Hospitals are hotbeds for infections because that’s where sick people go. And because those people are already weak, they’re more vulnerable to opportunistic organisms that proliferate in that environment. As we have reported, awareness is increasing of how hospital infections spread and how to minimize that traffic, even if the cause-effect-response process is difficult to track.
Control of hospital-acquired infection, according to the Centers for Disease Control and Prevention (CDC) just got a whole lot harder.
As widely reported last week, including in the New York Times, the CDC said there was a small window of opportunity to stop the spread of a virulent hospital bacteria.
The bacteria resist a class of antibiotics called carbapenems, a group of drugs usually given as a last resort. Carbapenem-resistant Enterobacteriaceae (CRE) are so lethal that the death rate of people who have contracted an infection is 1 out of 2. Dr. Thomas R. Frieden, director of the CDC (an organization not given to alarmism), called the bugs “nightmare bacteria” because they could pass their drug resistance on to other bacteria.
Most people who fall victim to CRE already are sick with problems requiring complicated treatment and long stays in hospitals, nursing homes or long-term care facilities. So far, the infections seem to be limited to these facilities, but without a worthy antibiotic opponent, they could spread to the community at large.
The findings of the CDC report are a call to action, the agency says, “for the entire health-care community to work urgently … to protect patients. During just the first half of 2012, almost 200 hospitals and long-term acute care facilities treated at least one patient infected with these bacteria.”
A blog on the CDC site written by Dr. Arjun Srinivasan of the agency’s Division of Healthcare Quality Promotion noted that:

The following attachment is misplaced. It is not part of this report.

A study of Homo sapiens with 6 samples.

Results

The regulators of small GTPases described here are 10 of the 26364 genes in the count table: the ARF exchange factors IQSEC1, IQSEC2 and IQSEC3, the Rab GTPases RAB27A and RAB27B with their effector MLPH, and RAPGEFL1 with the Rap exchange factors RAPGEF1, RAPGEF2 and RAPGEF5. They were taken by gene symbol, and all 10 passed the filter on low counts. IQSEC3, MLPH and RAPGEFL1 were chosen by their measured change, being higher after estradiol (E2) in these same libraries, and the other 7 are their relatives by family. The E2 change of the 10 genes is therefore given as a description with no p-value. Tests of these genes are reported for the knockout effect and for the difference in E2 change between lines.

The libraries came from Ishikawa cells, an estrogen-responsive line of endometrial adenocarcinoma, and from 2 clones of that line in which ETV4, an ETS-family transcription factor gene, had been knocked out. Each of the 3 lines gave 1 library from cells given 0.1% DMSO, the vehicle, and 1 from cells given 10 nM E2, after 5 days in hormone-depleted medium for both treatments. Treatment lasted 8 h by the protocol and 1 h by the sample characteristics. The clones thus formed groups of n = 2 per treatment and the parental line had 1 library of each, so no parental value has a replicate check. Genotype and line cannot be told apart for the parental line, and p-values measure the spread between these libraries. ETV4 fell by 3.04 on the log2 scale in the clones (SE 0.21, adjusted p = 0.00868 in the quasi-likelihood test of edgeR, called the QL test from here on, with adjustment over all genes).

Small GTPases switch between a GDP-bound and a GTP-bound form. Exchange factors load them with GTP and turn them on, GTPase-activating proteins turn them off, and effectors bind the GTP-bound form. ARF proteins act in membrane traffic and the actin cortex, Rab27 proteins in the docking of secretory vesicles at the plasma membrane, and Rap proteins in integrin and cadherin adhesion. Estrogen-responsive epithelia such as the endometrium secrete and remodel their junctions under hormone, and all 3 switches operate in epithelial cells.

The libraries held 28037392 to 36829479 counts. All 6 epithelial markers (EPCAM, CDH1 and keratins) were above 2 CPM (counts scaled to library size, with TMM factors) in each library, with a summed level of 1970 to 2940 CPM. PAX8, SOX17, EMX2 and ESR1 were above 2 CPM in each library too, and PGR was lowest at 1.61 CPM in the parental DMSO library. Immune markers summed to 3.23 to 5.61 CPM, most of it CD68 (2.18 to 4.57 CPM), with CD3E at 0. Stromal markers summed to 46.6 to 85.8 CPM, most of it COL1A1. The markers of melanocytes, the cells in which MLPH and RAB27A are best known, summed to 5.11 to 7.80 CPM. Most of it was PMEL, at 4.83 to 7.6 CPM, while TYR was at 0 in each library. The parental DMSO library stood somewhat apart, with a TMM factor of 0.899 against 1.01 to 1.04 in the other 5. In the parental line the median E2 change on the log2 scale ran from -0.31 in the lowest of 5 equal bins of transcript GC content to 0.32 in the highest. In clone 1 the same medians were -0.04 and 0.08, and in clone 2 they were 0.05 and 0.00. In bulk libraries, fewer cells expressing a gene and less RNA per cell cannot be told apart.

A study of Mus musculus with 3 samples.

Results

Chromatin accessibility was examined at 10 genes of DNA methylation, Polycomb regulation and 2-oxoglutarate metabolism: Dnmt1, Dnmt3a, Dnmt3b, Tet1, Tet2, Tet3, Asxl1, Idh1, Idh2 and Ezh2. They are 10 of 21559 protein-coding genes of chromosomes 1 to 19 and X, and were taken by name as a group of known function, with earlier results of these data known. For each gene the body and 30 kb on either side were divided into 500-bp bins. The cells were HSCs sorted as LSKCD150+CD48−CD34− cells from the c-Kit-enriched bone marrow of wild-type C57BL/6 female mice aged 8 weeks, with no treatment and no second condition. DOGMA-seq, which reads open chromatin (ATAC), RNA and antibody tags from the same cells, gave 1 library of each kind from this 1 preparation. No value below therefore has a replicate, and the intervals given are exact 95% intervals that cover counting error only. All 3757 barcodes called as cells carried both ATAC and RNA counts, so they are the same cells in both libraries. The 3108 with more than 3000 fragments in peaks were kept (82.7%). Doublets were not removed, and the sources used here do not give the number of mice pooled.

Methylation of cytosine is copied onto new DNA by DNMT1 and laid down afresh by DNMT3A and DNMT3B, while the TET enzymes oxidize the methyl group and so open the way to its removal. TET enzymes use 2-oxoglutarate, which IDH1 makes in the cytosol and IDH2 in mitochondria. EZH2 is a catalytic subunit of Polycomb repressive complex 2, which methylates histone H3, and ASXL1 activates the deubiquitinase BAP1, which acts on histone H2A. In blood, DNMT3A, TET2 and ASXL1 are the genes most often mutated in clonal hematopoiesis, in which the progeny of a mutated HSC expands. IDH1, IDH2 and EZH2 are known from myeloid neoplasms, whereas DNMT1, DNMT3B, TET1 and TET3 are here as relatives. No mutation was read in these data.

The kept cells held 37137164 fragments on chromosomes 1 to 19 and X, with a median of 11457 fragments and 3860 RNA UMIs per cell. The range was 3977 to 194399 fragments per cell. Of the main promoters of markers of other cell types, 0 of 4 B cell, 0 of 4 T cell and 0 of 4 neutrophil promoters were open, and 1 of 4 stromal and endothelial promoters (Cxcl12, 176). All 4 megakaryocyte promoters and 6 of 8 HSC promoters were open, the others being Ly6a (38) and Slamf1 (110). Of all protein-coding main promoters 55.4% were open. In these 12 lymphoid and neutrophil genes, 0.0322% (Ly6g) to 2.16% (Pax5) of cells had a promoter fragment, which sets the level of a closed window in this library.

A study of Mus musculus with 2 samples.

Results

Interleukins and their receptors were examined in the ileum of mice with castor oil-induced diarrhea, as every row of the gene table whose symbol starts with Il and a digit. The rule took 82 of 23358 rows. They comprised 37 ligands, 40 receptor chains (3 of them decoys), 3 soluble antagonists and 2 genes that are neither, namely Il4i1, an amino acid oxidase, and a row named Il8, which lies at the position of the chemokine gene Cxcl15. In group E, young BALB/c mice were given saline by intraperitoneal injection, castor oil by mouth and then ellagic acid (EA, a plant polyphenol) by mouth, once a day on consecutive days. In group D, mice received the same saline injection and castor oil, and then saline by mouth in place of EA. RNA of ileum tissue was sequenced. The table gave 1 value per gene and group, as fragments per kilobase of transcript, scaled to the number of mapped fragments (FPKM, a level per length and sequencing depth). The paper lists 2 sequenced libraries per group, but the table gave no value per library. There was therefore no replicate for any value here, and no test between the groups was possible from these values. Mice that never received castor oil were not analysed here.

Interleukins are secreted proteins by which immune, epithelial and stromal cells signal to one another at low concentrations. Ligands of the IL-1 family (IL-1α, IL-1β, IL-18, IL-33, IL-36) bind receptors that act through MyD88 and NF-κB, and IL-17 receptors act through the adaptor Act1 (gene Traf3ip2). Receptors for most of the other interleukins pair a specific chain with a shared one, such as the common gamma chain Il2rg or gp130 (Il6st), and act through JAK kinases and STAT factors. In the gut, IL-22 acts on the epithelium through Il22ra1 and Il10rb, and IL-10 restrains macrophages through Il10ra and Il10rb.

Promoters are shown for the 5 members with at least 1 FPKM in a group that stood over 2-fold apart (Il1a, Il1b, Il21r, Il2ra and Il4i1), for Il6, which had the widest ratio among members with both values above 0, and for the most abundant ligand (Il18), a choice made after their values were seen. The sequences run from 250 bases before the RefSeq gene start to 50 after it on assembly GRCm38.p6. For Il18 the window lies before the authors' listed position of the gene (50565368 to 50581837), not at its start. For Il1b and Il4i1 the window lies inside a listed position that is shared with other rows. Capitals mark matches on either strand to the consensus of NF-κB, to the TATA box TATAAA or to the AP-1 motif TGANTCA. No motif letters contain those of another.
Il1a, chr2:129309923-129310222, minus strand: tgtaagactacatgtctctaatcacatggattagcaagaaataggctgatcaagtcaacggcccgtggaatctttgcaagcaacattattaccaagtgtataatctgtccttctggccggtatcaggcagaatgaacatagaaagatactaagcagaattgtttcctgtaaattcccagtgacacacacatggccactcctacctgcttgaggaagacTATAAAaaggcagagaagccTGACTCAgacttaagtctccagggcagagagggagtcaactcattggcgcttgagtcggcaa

- In the first half of 2012, about 4 in 100 short-stay hospital visits in the U.S. involved at least one patient with a serious CRE infection; about 18 in 100 visits in long-term acute care hospitals had one. Nearly 200 facilities were involved.
- One type of CRE has been reported in medical facilities in 42 states.
- The most common type of CRE increased sevenfold in the last 10 years.
Srinivasan warned “New drugs won’t be here for many years, so we must do everything we can to preserve current antibiotics for as long as possible. ”
He’s optimistic, saying that the CDC has mapped out specific guidelines that can halt CRE infections before they become widespread. He said that some medical facilities already have reduced or stopped CRE rates by following the guidelines.
What’s required to halt the invaders, according to The Times, is “the usual call for ruthless scrubbing of all surfaces and relentless hand-washing,” isolating infected patients and assigning dedicated-care teams and equipment to them. To see the complete guidelines, link here.
If you or a loved one is a hospital patient, you must be aware of the risk of infection. Make sure the caregivers remove catheters and intravenous lines as soon as possible-they’re a direct path for bacteria. Make sure doctors are prescribing antibiotics only when they are truly needed-unnecessary use of these drugs simply makes bacteria more resistant to them, and harder to eradicate next time. Also, wash your hands before touching the patient, and make sure every caregiver does too.
To learn more about hospital-acquired infections in general, see our backgrounder.